Carol Jane Remsburg
Last Sunday night the phone rang. It was my sister from Florida calling and when she mentioned in passing that Dale Earnhart had died in the crash on that last lap of the Daytona 500—everything stopped.
My husband, an avid race fan, had used that magical device of his, the remote, and flipped the channels after the race was over. He'd seen the crash but hadn't realized the impact had caused Dale Earnhart's demise. The TV just rolled on.
This had been one race I didn't watch other than to stroll in and out of the living room. Of most sports, I do like racing best but last Sunday I had other things to get accomplished and hadn't been there to view it and spar with my husband over his favorite racer—Bill Elliott. Years back, my favorite racer was Cale Yarbourgh. He's a burly, compact man just built for racing fast cars with a jovial smile that masked his steely determination to win. Cale was nothing if not dedicated to the sport. Then Cale retired and I couldn't decide who to root for. With so many good ol' boys, it is hard to choose. However, we normally choose with our hearts. Earnhart eventually stole mine.
It wasn't because they called him "The Intimidator," it was just because Dale was being Dale. He drove hard and he drove to win. He was never out to hurt anyone but would take any opening as the opportunity it was. Hell, I used to drive that way but with everyone else on the roads acting like they were evacuating in the face of a pending nuclear blast, I've had to back off in recent years . . . but oh, how I remember the days when I literally tailgated the devil out of folks just to make them move over and get the hell out of my way. Dale did it, but he had the finesse that made him the pro he was. Dale also did these things at speeds that would frighten the rest of us wannabes into an early grave.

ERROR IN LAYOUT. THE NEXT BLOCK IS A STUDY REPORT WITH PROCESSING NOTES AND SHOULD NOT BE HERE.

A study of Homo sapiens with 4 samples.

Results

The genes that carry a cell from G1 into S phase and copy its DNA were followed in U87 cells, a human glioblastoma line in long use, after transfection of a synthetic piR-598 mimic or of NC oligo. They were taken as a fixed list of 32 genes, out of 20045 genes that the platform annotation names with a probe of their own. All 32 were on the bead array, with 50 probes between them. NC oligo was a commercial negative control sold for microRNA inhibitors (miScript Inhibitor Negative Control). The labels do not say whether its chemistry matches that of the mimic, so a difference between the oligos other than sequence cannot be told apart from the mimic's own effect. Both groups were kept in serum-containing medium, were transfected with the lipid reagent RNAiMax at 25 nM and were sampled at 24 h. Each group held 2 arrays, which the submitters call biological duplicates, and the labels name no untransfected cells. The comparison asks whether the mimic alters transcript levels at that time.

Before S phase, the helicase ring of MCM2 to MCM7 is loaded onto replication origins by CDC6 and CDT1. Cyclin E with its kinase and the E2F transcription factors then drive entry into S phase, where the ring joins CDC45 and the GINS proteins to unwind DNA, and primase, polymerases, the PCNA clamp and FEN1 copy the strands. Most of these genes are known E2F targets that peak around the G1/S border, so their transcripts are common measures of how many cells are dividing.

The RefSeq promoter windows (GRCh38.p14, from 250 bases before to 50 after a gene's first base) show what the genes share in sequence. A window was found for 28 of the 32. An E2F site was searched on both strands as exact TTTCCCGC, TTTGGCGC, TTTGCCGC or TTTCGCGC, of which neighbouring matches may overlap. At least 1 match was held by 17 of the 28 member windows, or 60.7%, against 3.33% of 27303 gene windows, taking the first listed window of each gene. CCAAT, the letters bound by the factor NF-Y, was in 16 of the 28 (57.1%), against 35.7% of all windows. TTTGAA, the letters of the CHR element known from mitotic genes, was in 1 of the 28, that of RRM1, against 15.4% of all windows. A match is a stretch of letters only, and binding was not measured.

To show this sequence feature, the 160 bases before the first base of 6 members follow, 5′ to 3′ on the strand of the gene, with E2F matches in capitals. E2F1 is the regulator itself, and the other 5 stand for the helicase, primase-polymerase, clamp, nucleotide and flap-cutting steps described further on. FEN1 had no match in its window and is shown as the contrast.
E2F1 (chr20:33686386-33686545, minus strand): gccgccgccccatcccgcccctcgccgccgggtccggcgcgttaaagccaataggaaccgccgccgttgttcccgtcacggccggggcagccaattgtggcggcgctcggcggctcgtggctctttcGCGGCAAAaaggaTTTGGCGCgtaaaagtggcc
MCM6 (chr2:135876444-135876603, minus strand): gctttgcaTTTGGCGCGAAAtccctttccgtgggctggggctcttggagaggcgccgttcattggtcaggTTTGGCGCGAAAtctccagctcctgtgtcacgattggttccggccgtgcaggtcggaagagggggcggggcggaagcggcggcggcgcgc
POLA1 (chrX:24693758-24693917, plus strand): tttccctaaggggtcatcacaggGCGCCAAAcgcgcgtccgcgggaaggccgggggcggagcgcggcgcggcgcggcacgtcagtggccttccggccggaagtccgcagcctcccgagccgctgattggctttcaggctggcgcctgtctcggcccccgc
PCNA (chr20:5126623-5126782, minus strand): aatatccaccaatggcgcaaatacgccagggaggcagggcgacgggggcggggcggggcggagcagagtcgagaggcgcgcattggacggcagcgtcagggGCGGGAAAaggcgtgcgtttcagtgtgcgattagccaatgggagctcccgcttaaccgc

Dale was intense, handsome by any woman's standard with a heart breaker of a smile, and still managed to be one of the guys. Yep, Dale had it all together right up until that damned seatbelt failed him.
I've seen the many others pass on whether in crashes or other mishaps. I don't discount their loss at all, but I have to admit that Dale Earnhart's death was a blow to me. Over the last seven days there have been many tributes to him and death threats toward his racing partners. The tributes were right and true and beautifully arranged. The threats were wrong, badly wrong. And then there's that question over suspending racing in honor of Dale. Believe me, and I never even met the man, he'd be mad over that—he just would. Any NASCAR race fan, no matter how rabid or lukewarm a fan, knows it.
Dale Earnhart wasn't merely a man that raced, he wasn't a machine, he was a man—a good man. He died as he lived. Our small blessing was that he didn't suffer; our lament is that his time with us was so brief. The truly sad part is that in losing Dale Earnhart this way it finished the making of his legend.
Thus I ask, go ahead an honor the legend, but remember the man. Remember his wife, his kids, and know he was as real as you and I. Death on our doorstep is never pretty, never pleasant, but always real. Be sure also to remember that for our time is limited. In that way, each of us might try a little harder each day to prove our own worth and our caring. I think Dale might have liked that part.